It’s not a he-said-she-said situation,” Thornhill said. “I haven’t said anything to you that I can’t show you on a contract or a document, or on the operating agreement or in an email.”

--Tom Thornhill

Tom Thornhill III, CEO, and owner of Mendocino Wine Company, contacted me late today about my post on Mendocino Wine Company settling its litigation with Paul Dolan. The post was based on a conversation with Dolan, one of the leading figures in the California wine industry.

Thornhill said I wrote a one-sided piece.

Dolan filed suit over the value of his stake in the Mendocino Wine Company in March 2012 before the company filed a cross-complaint.

Thornhill asked rhetorically why Dolan received no compensation and walked away from the Paul Dolan brand if he had such a great case before getting into some details, adding, “We agreed to drop our case against him for breach of fiduciary duty and fraud.”

Then he addressed some of the details in the post:

It inaccurately reported that Dolan “left the company four years ago” while Thornhill pointed out: Dolan “was terminated for cause on January 20, 2012.”

It said Dolan entered into a partnership with MWC in 2004, though Thornhill clarified details: Dolan was an employee of an LLC and owned units, initially a 10 percent stake, later 30 percent when some capital retired. He said the company tendered units as required after the termination and that Dolan didn’t like the valuation.

Thornhill recounted how Dolan’s termination arose:

“We discovered Paul was sending by email, our financials, cost structure and marketing plans to his other business associates who we did not know he was actively involved with. He was out buying fruit for Truett Hurst, when he should have been buying fruit for us. He was working on designs for Truett Hurst. He had meetings with Safeway and Whole Foods for Truett Hurst when he was supposed to be president of Mendocino Wine Group. That is a gross breach of fiduciary duty.”

Thornhill took issue with a sentence in my post that read, “Dolan, a 40-year veteran, said it was well known that he was involved in other businesses,” calling it half true, because two businesses Dolan had been involved in were carved out in his employment contract: Sauvignon Republic, which later dissolved, and Premium Wine Storage, managed by Heath Dolan, Paul’s son.

“He went off and did Truett Hurst without telling us and never disclosed it until it showed up in 2011 in a Press Democrat report,” Thornhill said. “Then he lied to us and told us he was a passive investor – that he wasn’t really involved, that it was Heath’s company.”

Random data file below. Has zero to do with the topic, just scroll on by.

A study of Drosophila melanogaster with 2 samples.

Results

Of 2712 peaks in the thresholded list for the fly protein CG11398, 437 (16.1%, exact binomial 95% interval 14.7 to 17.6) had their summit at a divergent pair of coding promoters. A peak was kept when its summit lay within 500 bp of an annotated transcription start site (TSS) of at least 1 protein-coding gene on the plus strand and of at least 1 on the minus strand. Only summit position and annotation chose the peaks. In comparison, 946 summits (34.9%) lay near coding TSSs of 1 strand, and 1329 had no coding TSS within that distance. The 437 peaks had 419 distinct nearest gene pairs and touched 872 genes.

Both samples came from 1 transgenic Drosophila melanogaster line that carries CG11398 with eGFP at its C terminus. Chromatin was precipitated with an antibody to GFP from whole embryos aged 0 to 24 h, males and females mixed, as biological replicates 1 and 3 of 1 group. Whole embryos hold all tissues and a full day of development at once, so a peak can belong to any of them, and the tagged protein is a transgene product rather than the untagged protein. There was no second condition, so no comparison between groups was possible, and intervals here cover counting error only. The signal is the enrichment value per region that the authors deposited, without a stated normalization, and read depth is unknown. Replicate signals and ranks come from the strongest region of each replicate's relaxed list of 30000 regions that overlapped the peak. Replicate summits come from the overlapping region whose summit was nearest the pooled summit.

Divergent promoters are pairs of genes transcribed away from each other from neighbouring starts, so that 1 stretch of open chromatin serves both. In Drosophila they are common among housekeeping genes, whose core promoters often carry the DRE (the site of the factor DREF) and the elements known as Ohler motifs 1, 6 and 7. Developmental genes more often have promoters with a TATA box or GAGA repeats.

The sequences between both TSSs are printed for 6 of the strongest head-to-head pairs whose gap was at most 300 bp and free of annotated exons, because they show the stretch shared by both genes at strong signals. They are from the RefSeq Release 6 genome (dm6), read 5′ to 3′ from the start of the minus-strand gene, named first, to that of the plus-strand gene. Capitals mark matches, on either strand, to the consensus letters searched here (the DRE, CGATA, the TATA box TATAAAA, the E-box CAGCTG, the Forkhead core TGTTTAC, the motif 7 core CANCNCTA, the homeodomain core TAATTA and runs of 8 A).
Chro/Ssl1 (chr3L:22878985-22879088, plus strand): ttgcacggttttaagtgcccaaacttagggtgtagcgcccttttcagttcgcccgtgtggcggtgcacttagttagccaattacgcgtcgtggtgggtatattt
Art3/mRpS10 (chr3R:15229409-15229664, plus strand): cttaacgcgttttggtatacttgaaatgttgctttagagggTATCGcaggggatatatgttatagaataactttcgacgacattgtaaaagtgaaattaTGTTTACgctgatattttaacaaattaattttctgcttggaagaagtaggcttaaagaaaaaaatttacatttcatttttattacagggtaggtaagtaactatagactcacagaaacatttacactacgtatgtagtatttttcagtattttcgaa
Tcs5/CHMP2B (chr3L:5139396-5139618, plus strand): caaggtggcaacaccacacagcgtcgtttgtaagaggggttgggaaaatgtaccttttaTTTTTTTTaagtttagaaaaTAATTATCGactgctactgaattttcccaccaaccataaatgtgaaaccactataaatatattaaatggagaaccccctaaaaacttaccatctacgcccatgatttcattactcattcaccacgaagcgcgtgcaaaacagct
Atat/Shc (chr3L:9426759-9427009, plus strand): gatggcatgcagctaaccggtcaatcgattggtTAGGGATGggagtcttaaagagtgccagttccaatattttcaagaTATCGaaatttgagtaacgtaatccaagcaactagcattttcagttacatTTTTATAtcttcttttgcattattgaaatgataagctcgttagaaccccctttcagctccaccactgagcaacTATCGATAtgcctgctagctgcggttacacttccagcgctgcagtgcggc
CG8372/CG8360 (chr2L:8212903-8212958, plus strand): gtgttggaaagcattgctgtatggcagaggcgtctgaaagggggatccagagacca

Thornhill said during the holiday season of 2011-2012, the company accidentally discovered Dolan was emailing financial reports, marketing and sales numbers and inventory to other partners in Truett Hurst and to others. He said the company later determined Dolan was buying fruit for Truett Hurst, introducing them to customers, meeting with customers and was offering to meet with customers to sell their product.

“That’s the cause. That’s not a question,” Thornhill said. “He never fought that issue. He never contested the termination.

Another issue: My post mentions vineyards, including Lover’s Lane. Thornhill said that when the vineyard was offered for sale, Dolan as president advised against MWC buying it but at the same time pursued it privately for his son and brother, and that they bought it.

“We never would have gotten into any of this if he hadn’t sued us,” Thornhill said. “We never would have done discovery to go back through his email. It never would have happened. We didn’t know about most of this until he sued us and we had to go figure out what was really going on.”

“We have 90,000 documents and emails of what he was doing back to 2005 and 2006,” Thornhill said. This was not a joke, and it was not a small deal. We agreed to settle this, because, I agree, it was time to move on.”

“I think what happened was he really began to realize his liability for breach of fiduciary duty and fraud, which were real, were something he didn’t want to face,” Thornhill continued. “He offered to us he would walk away from all his units and quit fighting about the brand name if we would drop our counter claims against him, which we agreed to do. But we didn’t pick this fight.”

“It’s not a he-said-she-said situation,” Thornhill said. “I haven’t said anything to you that I can’t show you on a contract or a document, or on the operating agreement or in an email.”